Here’s how to show potential employers that you have what it takes.

remote job

Coronavirus has turned the table on the typical nine-to-five workday, proving to employers that staff can be trusted to work from home productively and efficiently.

According to Forbes, 68% of US workers say that they expect to work remotely in the future.

No stressful commute and no office distractions. Instead, more family time, and the ability to work where you want, when you want.

5 essential skills you need to get that job:

  1. Self-organisation

  2. Working from home means you have to be far more disciplined about how you schedule your day. At the beginning of each week, set up goals or write a to-do list so you can keep track of your progress. Demonstrate these skills in an interview by explaining a time when you effectively and independently managed your time to complete a project on time.

  3. Tech-savvy

  4. As a remote worker, your computer will be your best friend – and you need to know how to use it. Remote employers will look for candidates familiar with video conferencing and communication tools so they can jump straight into work.

    “Instant messaging, video and web conferencing, project collaboration, and document sharing tools are the most common,” explains Brie Weiler Reynolds, Career Development Manager and Career Coach for job sites and FlexJobs.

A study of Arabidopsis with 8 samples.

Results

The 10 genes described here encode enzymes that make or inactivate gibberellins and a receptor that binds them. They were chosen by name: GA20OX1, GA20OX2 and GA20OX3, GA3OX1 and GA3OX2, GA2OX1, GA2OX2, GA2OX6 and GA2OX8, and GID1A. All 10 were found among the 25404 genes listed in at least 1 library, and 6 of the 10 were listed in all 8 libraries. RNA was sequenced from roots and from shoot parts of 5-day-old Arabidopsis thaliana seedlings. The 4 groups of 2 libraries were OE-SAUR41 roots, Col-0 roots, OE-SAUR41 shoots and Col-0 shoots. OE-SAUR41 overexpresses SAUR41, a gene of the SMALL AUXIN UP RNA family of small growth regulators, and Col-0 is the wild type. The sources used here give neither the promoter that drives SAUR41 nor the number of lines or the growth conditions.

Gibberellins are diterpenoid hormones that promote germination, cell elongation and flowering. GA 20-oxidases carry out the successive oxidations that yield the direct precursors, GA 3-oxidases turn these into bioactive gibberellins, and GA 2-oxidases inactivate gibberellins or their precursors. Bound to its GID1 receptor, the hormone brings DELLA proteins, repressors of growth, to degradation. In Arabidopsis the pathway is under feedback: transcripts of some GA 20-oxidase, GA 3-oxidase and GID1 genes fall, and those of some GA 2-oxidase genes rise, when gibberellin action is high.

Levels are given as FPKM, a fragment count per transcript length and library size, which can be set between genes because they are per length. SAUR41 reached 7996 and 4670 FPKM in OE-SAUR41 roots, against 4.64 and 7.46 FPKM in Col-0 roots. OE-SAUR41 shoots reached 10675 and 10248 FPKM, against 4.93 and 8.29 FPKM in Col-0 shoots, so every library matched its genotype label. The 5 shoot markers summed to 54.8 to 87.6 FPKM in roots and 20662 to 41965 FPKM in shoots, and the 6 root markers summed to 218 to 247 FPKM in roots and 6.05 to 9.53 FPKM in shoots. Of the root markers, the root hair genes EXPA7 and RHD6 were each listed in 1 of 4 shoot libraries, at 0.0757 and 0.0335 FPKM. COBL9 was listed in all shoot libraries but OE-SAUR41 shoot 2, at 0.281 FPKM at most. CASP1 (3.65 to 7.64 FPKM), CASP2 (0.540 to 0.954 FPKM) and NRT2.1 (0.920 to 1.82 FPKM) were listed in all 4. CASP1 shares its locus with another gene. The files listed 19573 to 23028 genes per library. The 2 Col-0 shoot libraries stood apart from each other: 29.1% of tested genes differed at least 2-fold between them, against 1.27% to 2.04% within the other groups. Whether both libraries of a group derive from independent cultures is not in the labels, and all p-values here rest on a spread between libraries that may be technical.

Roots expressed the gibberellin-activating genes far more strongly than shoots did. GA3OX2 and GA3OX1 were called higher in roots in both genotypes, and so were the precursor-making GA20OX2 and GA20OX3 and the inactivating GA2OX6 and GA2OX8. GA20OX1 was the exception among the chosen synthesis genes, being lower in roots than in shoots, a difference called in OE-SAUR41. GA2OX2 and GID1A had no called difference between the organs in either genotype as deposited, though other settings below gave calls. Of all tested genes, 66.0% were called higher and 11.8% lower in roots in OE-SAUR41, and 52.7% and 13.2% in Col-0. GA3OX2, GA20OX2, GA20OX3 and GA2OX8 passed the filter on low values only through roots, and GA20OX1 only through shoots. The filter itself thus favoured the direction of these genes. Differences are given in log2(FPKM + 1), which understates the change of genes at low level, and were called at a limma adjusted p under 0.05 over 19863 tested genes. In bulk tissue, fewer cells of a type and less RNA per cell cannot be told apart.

Read the job ad carefully and ensure you have at least a basic working knowledge of the computer applications and programs listed as a requirement. And if your initial interview is via Skype or Zoom, try and avoid any technical mishaps on your end.

    remote work
  5. Communication

  6. Communication is the cornerstone of a successful team and business. But, take away the ease of face-to-face meetings with colleagues and clients, and it can be tricky. In your interview, explain how you would connect and collaborate with a team that is geographically dispersed. And when you land the job, be sure to follow through.

    Keep your team updated on your progress, present ideas, ask questions and stay up to date with daily or weekly check-ins. However, this doesn’t mean it’s appropriate to send a million emails. If you have something substantial to say, or it’s a topic that’s open to discussion, schedule a phone call or organise a video chat.

  7. Initiative

  8. Without any physical face time with your co-workers or managers, it can be easy to fall off their radar. Show your manager you’re passionate about your job and that you’re eager to learn by starting new projects and offering your time and expertise, where possible.

  9. Self-motivation

  10. Working from home offers myriad wonderful distractions – TV, pets, your bed and the fridge. If you’re not motivated to work, you likely won’t work if no-one is looking over your shoulder. Remote workers need to be independent self-starters who genuinely love what they do. In your interview, demonstrate your motivation by including the methods and systems you’ll use to structure a task and prioritise important work.